Nanaimo councillors are prepared to spend hundreds of thousands of dollars in an effort to deal with the numerous health, safety and social issues that plague downtown.
During the city’s finance and audit committee meeting on Wednesday, councillors unanimously approved spending $350,465 on numerous staff recommendations to deal with the ongoing issues downtown.
The recommendations councillors approved include $100,000 annually to fund a daytime drop-in resource centre, providing an additional $30,000 in funding toward a shower facility program for homeless people, acquiring three portable toilets to be used downtown at a cost of $8,265, providing $45,000 to support their housing first initiative, spending $74,700 to continue the city’s downtown daytime security services with extended morning and nighttime hours, and providing $45,000 for an urban cleanup initiative so it can continue to operate until the end of the year.
Councillors also agreed to provide $45,000 in funding to the city’s cold weather homeless shelter at the First Unitarian Fellowship on Townsite Road and have staff prepare a letter to the provincial government requesting additional funding to keep the shelter open longer. They also agreed to purchase more needle disposal boxes for $2,500 and place more garbage cans throughout the city.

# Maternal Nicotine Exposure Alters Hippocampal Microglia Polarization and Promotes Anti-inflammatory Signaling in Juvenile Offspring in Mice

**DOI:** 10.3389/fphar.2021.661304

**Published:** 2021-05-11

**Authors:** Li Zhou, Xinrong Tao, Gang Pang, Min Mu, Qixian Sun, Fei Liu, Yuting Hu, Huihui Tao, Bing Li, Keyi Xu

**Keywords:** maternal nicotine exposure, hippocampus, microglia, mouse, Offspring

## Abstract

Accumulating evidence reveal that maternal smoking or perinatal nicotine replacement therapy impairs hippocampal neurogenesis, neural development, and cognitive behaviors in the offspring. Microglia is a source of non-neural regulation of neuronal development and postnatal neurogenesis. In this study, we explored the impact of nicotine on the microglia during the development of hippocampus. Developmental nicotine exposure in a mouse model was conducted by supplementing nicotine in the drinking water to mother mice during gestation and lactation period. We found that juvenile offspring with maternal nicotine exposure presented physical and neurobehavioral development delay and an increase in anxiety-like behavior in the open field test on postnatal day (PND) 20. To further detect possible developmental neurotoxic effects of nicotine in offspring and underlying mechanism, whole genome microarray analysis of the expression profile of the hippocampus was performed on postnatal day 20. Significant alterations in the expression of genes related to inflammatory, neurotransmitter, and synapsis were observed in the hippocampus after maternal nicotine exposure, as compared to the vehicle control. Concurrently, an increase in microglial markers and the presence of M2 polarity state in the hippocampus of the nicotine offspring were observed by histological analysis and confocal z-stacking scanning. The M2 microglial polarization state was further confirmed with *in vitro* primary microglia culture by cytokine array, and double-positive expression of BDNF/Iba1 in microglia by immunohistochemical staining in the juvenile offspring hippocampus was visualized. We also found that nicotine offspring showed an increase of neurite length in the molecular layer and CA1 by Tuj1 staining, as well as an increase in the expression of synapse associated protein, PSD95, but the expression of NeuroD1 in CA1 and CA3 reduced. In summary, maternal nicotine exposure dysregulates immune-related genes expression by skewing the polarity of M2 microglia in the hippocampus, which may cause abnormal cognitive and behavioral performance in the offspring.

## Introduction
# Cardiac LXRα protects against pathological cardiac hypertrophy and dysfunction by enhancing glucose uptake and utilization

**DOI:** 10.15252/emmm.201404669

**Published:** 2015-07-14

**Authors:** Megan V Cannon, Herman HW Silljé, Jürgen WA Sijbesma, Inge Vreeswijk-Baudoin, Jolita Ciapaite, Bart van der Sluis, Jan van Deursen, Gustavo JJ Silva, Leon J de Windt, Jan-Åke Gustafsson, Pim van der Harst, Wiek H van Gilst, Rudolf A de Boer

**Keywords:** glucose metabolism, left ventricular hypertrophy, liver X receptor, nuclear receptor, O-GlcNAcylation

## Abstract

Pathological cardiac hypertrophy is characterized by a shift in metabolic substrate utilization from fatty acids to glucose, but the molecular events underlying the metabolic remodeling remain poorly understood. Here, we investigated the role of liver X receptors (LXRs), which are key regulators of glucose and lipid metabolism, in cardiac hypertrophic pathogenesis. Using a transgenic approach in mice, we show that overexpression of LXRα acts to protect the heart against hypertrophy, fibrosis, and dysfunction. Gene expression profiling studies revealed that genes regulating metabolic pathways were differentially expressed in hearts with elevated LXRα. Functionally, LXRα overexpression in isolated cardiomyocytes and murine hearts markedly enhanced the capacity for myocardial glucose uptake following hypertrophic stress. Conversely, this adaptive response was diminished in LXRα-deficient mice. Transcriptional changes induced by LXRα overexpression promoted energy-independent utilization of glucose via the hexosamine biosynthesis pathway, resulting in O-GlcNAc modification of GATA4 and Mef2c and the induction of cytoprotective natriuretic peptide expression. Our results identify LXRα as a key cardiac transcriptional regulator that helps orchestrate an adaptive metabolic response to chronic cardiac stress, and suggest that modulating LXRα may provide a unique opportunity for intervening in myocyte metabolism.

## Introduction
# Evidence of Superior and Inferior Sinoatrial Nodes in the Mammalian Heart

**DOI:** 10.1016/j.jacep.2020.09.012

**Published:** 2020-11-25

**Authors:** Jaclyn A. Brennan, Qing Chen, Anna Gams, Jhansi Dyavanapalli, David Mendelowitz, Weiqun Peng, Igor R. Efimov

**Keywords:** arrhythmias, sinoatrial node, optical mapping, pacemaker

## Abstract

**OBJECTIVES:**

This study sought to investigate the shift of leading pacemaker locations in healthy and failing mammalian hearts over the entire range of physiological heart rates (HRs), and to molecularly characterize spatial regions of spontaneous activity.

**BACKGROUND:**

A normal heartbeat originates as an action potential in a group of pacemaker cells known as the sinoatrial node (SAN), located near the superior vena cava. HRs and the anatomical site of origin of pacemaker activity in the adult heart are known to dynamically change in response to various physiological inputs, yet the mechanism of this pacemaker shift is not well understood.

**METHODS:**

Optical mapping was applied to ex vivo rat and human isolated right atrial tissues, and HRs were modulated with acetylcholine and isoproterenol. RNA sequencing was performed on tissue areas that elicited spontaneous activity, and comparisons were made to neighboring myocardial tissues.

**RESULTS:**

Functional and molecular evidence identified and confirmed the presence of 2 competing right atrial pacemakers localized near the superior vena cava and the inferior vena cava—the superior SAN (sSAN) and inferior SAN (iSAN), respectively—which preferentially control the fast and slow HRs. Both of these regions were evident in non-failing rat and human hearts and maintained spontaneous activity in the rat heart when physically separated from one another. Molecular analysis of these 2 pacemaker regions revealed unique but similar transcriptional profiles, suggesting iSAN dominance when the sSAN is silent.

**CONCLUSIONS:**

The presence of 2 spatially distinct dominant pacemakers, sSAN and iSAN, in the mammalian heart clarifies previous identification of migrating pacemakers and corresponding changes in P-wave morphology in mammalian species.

Should councillors approve the recommendations during a council meeting, approximately $160,465 of the $350,465 of the recommendations will be funded through taxation while the remaining $90,000 will come from the city’s housing legacy reserve fund.
During the meeting, John Horn, the city’s social planner and author of the staff report, told councillors that one of the challenges for homeless individuals is that there are so few rental units available in Nanaimo these days.
“There is a fierce competition for the units that do exist,” he said.
Coun. Gord Fuller said told councillors that he was pleased with staff’s recommendations but suggested that staff include the $100,000 for the drop-in centre in this year’s budget as well as send a letter to the province regarding the First Unitarian Fellowship’s shelter. He said once the shelter stops operating at the end of the month, there will be even more people spending the night on the street in Nanaimo and that extending its operating hours is warranted.
“The need has become so great,” Fuller said.
During the discussion at the meeting, Nanaimo Mayor Bill McKay said it appeared to him that only one location would be considered for the drop-in centre. He said staff should examine multiple locations for a centre and then come back to council with a report about each site and then hold public consultation sessions.
“I want us to have choices,” he said.
However, Coun. Sheryl Armstrong was leery of the idea of holding public consultation prior to councillors agreeing on a site.
“I don’t want to alarm communities, six different communities when the sites might not be agreeable to council,” she said.
In the end, councillors agreed that staff will consider multiple locations and report back to council before making any concrete decisions on the drop-in centre.